Synonyms for caries

soft decayed area in a tooth

References in periodicals archive ?
Early childhood caries (ECC) is currently the major public health epidemic facing dentistry in both underdeveloped and developed countries.
To investigate the potential relationship between feeding practices and early childhood caries several clinical studies have been carried out with various experimental designs.
Early childhood caries (ECC) is a severe form of tooth decay that affects the primary teeth of young children up to six years of age.
One point of confusion that dental hygienists can clear up for their patients is the relationship between early childhood caries (ECC) and breastfeeding.
Providing an oral health promotion program beginning at the six-month well-child visit--including anticipatory guidance as well as preventive oral health services provided by a dental hygienist--will significantly reduce the incidence of early childhood caries and increase utilization of the oral health system by integrating oral health with overall health, and it will strengthen the bonds between medicine and dentistry.
Parents should realize how important baby teeth are to speech, nutrition and self esteem -- Early childhood caries is a very serious form of cavities that can destroy the teeth of preschool children and toddlers -- The first signs of caries are white chalky or brown spots on the teeth, usually starting at the gum line -- This problem may be overlooked by parents until the pain becomes so severe and the teeth so decayed that the only options for these kids is to have their teeth taken out Prevention Tips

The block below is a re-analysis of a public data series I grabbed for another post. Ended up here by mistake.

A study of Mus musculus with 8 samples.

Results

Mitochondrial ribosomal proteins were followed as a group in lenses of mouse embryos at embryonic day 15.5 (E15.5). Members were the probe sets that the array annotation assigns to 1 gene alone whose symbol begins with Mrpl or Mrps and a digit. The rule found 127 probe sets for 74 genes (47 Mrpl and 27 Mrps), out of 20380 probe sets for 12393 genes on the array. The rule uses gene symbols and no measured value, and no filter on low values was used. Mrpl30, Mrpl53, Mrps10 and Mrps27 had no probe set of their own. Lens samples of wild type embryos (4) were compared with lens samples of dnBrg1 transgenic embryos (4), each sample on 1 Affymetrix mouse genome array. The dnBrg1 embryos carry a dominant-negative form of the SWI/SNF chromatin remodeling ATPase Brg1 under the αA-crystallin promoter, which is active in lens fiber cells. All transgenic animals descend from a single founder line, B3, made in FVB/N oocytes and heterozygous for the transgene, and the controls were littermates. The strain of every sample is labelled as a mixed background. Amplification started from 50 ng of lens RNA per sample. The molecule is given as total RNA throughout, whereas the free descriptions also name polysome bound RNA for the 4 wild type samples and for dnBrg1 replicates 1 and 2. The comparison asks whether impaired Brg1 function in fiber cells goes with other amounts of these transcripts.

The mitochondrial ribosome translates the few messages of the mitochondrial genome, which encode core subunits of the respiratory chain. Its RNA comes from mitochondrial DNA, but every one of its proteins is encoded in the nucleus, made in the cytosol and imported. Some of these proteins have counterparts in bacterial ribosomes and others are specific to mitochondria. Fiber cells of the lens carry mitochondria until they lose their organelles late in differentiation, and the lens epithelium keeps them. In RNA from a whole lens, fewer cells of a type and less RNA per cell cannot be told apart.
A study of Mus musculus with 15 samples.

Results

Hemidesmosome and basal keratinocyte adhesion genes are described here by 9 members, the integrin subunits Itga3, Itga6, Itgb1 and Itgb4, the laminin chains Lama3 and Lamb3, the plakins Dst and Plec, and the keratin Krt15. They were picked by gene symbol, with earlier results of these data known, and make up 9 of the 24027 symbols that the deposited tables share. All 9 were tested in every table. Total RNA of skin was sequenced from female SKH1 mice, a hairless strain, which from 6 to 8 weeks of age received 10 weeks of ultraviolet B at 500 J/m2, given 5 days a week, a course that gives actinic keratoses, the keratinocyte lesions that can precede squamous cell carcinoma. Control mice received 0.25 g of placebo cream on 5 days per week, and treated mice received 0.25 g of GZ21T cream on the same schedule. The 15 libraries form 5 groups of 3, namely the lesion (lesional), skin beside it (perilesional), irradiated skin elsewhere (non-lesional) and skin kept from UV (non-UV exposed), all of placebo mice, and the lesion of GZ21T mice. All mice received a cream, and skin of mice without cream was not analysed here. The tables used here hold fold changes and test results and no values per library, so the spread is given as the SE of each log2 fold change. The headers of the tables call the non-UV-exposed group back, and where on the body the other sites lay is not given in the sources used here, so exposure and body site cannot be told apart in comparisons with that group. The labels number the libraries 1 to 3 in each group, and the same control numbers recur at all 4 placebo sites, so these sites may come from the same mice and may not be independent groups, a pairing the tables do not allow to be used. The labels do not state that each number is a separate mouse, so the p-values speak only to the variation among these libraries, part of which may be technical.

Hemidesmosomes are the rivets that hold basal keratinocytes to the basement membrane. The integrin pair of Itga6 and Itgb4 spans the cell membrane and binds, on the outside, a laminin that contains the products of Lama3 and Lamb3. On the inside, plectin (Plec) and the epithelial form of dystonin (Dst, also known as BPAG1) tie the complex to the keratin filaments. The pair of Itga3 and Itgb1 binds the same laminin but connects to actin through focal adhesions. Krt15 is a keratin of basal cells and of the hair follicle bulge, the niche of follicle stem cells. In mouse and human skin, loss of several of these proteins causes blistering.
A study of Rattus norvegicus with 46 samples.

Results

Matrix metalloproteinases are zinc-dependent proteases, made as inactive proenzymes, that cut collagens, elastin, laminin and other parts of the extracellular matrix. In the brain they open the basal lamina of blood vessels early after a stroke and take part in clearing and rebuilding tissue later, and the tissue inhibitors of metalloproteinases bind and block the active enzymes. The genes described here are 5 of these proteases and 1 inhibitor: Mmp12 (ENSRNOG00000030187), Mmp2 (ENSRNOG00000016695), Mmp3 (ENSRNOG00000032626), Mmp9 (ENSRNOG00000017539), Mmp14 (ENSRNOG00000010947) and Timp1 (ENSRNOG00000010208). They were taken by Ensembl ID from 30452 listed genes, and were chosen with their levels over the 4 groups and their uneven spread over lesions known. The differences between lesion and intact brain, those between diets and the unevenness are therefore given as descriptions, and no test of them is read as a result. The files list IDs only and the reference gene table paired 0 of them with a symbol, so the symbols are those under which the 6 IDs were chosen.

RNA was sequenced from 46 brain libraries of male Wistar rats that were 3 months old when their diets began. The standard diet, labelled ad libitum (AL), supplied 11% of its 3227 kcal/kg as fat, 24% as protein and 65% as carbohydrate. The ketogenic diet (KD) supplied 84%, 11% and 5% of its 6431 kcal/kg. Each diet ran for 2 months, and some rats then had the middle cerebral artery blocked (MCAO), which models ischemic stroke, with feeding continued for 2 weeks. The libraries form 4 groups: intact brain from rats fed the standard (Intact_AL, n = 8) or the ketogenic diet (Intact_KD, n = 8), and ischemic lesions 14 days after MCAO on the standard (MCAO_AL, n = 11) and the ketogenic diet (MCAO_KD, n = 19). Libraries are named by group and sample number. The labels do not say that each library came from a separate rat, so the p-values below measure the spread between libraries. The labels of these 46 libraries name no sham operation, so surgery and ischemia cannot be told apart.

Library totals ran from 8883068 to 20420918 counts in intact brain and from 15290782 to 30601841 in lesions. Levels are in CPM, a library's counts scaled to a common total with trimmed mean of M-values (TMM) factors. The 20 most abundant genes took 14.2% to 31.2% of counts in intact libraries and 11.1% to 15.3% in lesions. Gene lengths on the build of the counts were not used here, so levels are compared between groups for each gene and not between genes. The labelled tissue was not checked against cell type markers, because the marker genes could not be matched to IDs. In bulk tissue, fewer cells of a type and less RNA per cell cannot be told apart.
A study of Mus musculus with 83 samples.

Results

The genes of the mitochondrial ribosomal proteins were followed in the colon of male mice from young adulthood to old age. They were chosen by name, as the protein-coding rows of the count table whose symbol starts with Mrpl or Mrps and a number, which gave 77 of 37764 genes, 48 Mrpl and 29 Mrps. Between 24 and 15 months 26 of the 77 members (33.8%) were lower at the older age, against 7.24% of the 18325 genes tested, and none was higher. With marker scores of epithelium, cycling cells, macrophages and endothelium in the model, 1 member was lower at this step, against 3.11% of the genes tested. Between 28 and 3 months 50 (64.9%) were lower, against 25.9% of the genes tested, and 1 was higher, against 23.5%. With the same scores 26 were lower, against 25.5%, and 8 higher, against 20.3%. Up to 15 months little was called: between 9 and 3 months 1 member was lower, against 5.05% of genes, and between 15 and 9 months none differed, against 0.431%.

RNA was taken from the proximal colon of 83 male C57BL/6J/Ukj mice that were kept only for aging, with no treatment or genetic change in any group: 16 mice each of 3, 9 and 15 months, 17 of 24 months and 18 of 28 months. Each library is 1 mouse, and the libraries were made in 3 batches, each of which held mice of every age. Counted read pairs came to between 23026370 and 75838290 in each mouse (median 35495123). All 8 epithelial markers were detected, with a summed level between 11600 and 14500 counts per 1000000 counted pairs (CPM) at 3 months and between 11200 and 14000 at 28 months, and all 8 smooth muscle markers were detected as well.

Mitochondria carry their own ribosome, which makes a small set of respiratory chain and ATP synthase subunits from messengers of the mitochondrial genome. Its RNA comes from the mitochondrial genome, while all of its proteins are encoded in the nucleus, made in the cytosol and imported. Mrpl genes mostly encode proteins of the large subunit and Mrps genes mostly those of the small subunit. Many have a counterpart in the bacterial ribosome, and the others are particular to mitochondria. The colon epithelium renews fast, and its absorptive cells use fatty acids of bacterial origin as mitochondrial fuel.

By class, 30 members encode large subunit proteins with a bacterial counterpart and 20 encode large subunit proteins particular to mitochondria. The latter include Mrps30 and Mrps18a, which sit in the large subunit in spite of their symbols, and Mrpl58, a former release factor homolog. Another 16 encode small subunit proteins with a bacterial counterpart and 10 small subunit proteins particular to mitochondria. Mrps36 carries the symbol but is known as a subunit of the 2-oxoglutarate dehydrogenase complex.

Socio-demographic correlates of early childhood caries prevalence and severity in a developing country-South Africa.
Researchers at the Forsyth Institute have identified a new pathogen, a bacterium known as Scardovia wiggsiae, connected to severe early childhood caries (ECC).
The disease of early childhood caries (ECC) [Vadiakis, 2008] is the presence of one or more decayed (non-cavitated or cavitated lesions), missing (due to caries), or filled tooth surface in any primary tooth in a child 71 months old or younger.
while the baby sleeps, as it can increase the risk of decay in the upper front teeth, also known as Early Childhood Caries.
Table 1--Cariogenic feeding practices in the first year of life and association with severe early childhood caries at 4 years of age Attributable Cariogenic feeding practices Relative risk risk (%) Daily breastfeeding frequency 2.
toddlers and preschoolers are affected by Early Childhood Caries (ECC), which is the appearance of tooth decay in young children.
CDC reports that topical fluoride applications may prevent/decrease early childhood caries in high-risk populations, (6), (7) and many studies have examined the effectiveness of fluoride varnish, in particular, in reducing caries risk in small children.